Monday, November 30, 2009
Corrugated Iron - The New Architecture
As a follow on from my previous posts about New Zealand rural architecture and the preponderance of corrugated iron in the landscape, I’d like to touch briefly upon the use of this material in contemporary architecture. It’s something that Australian architect Glenn Murcutt treated very seriously and he more than any other architect, has given corrugated iron a new status that moves beyond the paddock.
House details,Christchurch I like Murcutt’s Australian work very much. It has a sense of place about it that is singularly appropriate given the fact that like New Zealand, the Australian rural landscape is dotted with practical agricultural examples of the use of corrugated iron that goes back decades. Like the French architect, Pierre Chareau, Murcutt has discovered beauty in apparent banality. He has turned out attention to the ordinary, to the things we walk passed every day without ever really seeing them. He has toyed with materiality, incorporating the iron’s linear aspect into his designs; and he has paid homage to simple things like the sound of rain on tin roofs that we all love so much.
House, Lincoln, Canterbury
House, Kaiapoi, Canterbury In New Zealand, a good many architects have used corrugated iron in the last ten years – some more successfully than others it must be said. I wonder sometimes, just when corrugated iron stops being a homage to rural vernacular and slips into the realms of pastiche, gimmickry and token gesture. The fact that it is light, strong, versatile and economic – all the qualities that have guaranteed its place on any good working farm – may also have seen it become ‘the cheap solution.’ I refer especially to inner city apartment blocks where sheets of corrugated iron scream loudly of ill-conceived design ideas and a lowering of material costs.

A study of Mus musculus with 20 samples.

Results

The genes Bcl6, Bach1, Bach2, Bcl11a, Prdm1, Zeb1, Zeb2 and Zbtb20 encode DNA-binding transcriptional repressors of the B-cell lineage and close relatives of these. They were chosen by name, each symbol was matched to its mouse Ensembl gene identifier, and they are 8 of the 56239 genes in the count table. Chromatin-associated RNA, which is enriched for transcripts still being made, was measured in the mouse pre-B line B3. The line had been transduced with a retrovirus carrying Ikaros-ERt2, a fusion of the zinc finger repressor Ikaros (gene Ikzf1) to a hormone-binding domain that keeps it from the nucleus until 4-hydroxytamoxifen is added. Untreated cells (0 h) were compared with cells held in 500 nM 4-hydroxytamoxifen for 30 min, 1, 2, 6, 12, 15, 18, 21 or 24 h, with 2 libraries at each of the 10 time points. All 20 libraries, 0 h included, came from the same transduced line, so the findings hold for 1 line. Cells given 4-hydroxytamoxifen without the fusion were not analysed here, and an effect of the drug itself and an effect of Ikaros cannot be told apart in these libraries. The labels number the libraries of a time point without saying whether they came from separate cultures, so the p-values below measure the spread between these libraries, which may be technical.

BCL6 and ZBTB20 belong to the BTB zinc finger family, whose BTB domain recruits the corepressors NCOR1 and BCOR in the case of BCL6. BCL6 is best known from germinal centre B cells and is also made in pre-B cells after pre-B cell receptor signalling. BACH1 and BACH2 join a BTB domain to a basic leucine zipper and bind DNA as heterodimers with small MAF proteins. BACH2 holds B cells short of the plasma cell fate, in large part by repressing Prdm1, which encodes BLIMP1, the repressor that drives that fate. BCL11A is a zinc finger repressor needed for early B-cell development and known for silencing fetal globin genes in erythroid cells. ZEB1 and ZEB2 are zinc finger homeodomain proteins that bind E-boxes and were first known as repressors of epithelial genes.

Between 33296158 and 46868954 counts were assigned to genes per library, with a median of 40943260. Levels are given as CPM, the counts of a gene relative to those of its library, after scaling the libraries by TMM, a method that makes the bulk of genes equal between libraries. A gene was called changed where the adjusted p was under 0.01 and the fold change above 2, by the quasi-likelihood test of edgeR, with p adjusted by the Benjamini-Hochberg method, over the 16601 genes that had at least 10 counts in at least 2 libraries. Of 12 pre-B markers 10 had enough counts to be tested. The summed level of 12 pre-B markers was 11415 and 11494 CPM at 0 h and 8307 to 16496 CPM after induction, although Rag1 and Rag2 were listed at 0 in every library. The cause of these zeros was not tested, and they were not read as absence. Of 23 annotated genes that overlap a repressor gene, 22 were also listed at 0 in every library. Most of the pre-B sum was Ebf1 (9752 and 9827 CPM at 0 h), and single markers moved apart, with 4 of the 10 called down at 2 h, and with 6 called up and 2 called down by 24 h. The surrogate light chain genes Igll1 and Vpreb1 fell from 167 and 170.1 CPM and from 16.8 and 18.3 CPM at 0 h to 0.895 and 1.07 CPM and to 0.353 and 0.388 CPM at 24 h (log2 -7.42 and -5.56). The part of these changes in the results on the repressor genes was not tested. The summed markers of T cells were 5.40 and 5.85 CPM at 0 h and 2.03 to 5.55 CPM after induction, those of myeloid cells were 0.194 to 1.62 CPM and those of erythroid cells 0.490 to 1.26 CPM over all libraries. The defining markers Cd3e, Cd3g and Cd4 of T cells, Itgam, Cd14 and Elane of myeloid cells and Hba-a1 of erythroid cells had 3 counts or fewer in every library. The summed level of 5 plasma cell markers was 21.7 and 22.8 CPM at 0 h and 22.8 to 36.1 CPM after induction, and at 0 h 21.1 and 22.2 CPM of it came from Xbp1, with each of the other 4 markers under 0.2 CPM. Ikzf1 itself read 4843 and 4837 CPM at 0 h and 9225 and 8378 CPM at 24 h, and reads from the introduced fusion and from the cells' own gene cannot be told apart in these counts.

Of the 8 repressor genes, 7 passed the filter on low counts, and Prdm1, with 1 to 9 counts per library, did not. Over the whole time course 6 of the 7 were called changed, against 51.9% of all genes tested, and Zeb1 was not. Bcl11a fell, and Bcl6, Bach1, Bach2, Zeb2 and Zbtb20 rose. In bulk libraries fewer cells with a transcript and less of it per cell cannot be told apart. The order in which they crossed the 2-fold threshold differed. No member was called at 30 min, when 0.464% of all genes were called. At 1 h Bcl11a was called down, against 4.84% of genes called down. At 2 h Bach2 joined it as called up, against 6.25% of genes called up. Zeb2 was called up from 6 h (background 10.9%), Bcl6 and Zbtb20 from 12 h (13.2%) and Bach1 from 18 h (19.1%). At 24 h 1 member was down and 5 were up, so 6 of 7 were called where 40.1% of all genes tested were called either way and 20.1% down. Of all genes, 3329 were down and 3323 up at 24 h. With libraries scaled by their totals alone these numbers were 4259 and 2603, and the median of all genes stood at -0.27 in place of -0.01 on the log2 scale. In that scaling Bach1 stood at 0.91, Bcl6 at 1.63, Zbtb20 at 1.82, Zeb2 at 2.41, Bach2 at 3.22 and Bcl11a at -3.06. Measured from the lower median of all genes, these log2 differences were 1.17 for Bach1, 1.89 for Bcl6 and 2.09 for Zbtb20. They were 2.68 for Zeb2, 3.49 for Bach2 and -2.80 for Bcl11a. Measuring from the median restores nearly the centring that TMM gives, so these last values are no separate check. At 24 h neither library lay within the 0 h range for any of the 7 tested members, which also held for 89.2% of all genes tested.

Apartments, Christchurch But I must not become sarcastic. There are also plenty of good examples of the sensitive, well-considered use of corrugated iron in modern architecture. They can be hard to find I’ll admit – I certainly never found anything riveting when I went in search of good domestic examples to photograph here in Christchurch. But maybe when the trendy, fashionable aspect of its use has waned, we’ll see serious architects taking this cultural icon and making poetry in buildings that celebrate the ordinary in an extraordinary way.